By Maryam Moshiri
Business reporter, BBC News
Inga McVicar found that her insurance claim was refused
Time could be called on a 103-year-old insurance law which campaigners say has led to thousands of insurance claims being unfairly rejected each year.
Claims made on all types of insurance have been turned down by some insurance firms under the law, which puts a duty of disclosure on the policyholder.
Consumers are expected to tell an insurer about issues which might subsequently be important.
The Law Commission said the rules put too much pressure on the consumer.
Consumers are not only expected to tell the insurer things they have been asked about, such as known medical conditions, but also things they have not been asked about and which could later turn out to be important.
"The consumer is obliged to tell the insurer everything the insurer may want to know when it takes that risk. Well, obviously that places the consumer in the same position as the insurer," said Law Commissioner David Hertzell.
"That is a huge burden to ask the insurer to undertake, they simply do not know what factors the insurer will take into account when writing that risk, so it is easy for them to make a mistake and have their policy invalidated."
Inga McVicar was diagnosed with ovarian cancer in 2007.
She believed she would be covered under her critical illness insurance, but when she put in a claim, the insurance company refused to pay out.
"When the claim was refused it meant that I had to return to work, during my chemotherapy," she said.
"So while I was trying to deal with my illness, and at a point when I did not know whether the treatment was going to be successful or not, I had to return to work to have some form of income.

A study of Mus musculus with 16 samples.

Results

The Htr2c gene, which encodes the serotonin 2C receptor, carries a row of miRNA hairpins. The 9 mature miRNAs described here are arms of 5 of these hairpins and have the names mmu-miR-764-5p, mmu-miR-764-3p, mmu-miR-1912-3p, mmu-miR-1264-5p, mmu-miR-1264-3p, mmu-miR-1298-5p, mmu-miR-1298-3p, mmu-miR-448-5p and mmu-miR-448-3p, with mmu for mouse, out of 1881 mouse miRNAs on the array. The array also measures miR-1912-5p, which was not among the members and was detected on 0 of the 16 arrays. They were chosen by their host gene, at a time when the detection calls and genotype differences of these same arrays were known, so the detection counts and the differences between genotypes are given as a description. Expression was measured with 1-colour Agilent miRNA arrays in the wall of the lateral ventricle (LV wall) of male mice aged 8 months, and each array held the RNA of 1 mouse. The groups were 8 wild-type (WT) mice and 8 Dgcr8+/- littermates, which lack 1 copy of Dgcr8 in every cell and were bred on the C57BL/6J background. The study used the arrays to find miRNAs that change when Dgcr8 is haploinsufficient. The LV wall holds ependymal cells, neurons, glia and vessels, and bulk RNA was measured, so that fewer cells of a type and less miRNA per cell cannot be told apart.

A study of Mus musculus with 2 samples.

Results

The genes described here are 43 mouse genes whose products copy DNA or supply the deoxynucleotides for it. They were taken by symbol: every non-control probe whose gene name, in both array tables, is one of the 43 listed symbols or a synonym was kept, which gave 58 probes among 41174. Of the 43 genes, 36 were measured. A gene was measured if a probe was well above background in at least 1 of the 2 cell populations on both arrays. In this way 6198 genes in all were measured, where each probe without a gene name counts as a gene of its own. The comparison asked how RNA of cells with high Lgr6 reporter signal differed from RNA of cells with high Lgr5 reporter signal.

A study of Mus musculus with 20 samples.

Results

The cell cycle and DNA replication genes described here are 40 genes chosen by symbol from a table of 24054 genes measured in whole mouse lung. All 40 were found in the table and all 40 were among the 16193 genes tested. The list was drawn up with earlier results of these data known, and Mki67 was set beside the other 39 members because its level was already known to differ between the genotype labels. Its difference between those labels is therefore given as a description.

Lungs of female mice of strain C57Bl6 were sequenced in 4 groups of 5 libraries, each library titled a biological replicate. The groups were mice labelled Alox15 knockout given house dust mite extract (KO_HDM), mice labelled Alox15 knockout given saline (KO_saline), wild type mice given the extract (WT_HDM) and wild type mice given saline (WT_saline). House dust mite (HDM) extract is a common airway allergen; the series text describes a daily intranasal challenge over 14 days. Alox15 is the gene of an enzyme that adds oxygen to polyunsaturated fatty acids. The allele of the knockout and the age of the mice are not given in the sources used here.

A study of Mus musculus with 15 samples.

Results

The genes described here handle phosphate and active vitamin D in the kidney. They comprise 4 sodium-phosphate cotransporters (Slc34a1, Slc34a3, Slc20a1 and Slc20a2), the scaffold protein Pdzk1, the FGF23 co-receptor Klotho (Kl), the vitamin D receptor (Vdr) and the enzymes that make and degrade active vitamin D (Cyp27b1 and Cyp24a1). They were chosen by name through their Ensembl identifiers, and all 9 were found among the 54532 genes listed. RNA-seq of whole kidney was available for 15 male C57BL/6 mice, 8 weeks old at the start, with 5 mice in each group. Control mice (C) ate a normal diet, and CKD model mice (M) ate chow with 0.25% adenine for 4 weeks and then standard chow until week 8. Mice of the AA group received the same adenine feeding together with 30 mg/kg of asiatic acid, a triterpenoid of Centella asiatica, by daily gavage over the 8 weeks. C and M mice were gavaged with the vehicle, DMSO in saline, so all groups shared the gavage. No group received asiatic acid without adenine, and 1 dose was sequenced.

"The insurance policy I had banked on and really needed to be there was not."
The problem lay with her original application form, which she had when she had just quit smoking. The form asked whether she had smoked in the previous 12 months, which she had.
But the application was filled in by a broker who made a mistake and ticked the "no" box. The insurance company accused her of deliberately misleading them, but she said it was a genuine mistake.
"I feel that what is happening is the insurance companies are applying the law to the absolute letter, so if a mistake is made on the application form, in a lot of cases, they will just refuse that policy. The law gives you no real protection for human error."
She went to the Financial Ombudsman, who found in her favour and ordered the insurance company to pay her £46,000.
The Financial Ombudsman Service said it received about 1,000 complaints on this issue a year.
The Association of British Insurers (ABI) has now given its support to a draft bill for England, Wales and Scotland which is due to be presented to Parliament by the Law Commission next week.
"We think that this legislation can bring all the good practice together and put it in a clear and non-confusing format," said Nick Starling, from the ABI.
"Insurers pay out huge amounts of money. They pay £57m everyday in general insurance claims. Clearly with all these claims things are sometimes going to go wrong. Everyone regrets that, no-one wants that to happen."